If there was one person you would have never thought could have saved his job amidst the FIFA scandal after shoes started dropping left and right around the organization’s headquarters in Zurich, it was FIFA Director of Communications Walter De Gregorio.
When a PR disaster of this historic level occurs, up to and including the scam of voting for an incumbent president and conducting an “arrest me for what” style press conference just hours before that president resigned, how is it not the PR guy who is the first to go?
FIFA has failed at a lot of things, but relating to the public is really, really high up on that list. And yet, until today De Gregorio still had his job. Perhaps Blatter was planning to keep him around long enough to shred all the documents and dig the ditch for the rest of the bodies before throwing De Gregorio in himself last.
Today was that day.
BREAKING: Walter De Gregorio steps down as FIFA Director of Communications and Public Affairs. #SSNHQ
— Sky Sports News HQ (@SkySportsNewsHQ) June 11, 2015
What’s awesome about this story isn’t that De Gregorio lost his job as the equivalent of the PR guy on the Death Star— “Sal from Tatooine Tribune, next question…no, do not worry about what you’ve heard. There are no design flaws in the Star. None. Zero design flaws. Next question…” —it’s how he lost his job. By telling a hilarious joke on Swiss TV. From BBC.com:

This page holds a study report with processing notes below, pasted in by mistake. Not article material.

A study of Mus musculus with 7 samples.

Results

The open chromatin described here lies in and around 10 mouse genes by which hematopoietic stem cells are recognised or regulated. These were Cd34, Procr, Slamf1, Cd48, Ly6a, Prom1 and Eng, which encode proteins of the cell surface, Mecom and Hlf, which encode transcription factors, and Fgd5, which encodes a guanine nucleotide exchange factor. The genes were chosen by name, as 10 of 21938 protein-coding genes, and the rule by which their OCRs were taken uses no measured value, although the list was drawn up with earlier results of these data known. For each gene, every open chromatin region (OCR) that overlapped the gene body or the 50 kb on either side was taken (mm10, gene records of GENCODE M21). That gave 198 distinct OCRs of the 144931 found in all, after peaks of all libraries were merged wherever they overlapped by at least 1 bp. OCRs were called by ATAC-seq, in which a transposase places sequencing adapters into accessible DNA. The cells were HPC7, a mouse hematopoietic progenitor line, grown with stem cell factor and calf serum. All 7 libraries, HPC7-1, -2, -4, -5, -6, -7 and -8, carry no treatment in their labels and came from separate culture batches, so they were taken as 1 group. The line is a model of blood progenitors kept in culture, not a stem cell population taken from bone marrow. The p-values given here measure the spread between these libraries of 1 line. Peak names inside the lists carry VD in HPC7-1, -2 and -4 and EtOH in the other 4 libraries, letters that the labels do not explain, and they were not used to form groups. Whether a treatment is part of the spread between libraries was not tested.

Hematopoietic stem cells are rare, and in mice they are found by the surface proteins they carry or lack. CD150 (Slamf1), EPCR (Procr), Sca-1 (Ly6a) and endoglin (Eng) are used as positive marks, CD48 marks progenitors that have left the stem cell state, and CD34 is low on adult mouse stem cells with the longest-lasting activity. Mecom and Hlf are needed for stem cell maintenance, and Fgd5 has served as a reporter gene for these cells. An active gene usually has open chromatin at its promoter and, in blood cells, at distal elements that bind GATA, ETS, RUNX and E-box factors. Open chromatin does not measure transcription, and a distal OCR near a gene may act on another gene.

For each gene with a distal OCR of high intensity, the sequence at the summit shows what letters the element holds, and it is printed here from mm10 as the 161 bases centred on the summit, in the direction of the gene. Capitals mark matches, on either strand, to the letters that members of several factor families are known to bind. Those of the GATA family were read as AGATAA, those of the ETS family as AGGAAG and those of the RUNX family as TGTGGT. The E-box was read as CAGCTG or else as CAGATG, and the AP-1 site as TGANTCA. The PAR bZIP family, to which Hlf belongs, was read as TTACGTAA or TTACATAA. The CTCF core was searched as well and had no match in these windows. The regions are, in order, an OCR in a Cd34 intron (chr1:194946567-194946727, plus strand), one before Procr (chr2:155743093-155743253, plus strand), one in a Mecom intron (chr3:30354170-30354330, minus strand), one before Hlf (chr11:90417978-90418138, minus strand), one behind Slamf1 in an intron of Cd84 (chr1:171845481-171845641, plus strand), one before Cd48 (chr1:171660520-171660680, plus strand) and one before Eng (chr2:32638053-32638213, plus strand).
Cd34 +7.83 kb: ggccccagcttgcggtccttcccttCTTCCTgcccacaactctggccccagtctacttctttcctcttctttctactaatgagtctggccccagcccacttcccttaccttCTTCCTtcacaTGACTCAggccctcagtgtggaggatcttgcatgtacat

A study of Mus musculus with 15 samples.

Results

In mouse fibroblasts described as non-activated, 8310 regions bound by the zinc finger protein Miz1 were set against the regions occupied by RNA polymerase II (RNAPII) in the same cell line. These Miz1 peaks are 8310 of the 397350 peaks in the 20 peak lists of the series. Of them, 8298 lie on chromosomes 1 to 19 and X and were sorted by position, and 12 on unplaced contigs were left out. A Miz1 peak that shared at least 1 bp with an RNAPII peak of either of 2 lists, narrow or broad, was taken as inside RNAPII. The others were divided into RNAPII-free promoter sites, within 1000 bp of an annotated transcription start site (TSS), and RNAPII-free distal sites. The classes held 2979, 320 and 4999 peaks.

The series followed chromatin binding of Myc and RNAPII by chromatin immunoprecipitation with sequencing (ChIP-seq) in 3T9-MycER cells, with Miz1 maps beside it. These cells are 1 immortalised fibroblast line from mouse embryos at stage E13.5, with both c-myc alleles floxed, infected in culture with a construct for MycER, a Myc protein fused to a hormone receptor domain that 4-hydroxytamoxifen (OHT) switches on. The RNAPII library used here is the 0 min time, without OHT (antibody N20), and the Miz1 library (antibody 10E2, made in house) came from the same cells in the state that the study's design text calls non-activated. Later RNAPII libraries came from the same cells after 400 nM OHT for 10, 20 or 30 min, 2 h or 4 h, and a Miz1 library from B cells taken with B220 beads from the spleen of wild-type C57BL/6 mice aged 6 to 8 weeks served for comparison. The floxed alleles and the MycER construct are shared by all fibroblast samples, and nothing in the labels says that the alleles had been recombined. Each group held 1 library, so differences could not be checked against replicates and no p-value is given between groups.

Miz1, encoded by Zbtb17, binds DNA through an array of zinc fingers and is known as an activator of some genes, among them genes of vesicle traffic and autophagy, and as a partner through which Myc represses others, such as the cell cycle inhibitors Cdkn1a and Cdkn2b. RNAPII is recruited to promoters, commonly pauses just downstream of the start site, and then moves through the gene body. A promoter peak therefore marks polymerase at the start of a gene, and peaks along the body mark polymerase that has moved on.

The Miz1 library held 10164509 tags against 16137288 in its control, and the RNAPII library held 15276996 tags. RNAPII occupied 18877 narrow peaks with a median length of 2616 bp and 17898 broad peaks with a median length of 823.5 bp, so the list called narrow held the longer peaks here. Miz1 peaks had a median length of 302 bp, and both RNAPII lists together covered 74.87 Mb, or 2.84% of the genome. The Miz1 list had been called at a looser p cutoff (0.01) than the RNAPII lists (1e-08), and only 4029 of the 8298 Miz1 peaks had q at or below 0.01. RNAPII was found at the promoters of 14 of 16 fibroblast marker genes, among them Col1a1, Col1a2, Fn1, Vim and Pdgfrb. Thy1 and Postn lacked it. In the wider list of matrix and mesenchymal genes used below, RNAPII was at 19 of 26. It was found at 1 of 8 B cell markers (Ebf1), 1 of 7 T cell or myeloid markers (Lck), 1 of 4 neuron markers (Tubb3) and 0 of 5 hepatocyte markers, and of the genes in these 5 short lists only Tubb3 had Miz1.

Gregorio told Swiss chat show Schawinski: “The Fifa president, secretary general and communications director are all travelling in a car. Who’s driving? The police.”
Fifa announced in a statement that De Gregorio had “relinquished his office”.
But the BBC understands he was asked to leave by president Sepp Blatter.
If you’re going to go out, THAT’S the way to go out. This is the best “you can’t fire me I quit” moments I remember, and something De Gregorio has probably wanted to do since he took the role in 2011.
The BBC report goes on to indicate that De Gregorio has been uphappy—ya think?!—because he was recently criticized in a Swiss publication by another PR professional who was a close, personal friend of Blatter and someone Blatter had occasionally employed in an ad-hoc capacity. Nobody around FIFA had any idea how to relate to the public!
The best news of all is that the FIFA statement on De Gregorio’s departure says he will serve in a consultancy role until the “end of this year.”
It seems Blatter still has more shredding and burying to do after all, which is odd considering the Swiss authorities seized everything this week from FIFA’s offices.
Fired or resigned, De Gregorio may want to keep digging. One never knows if the opportunity to throw Sepp into a hole might arise between now and the FIFA emergency committee vote for a new president on July 20th.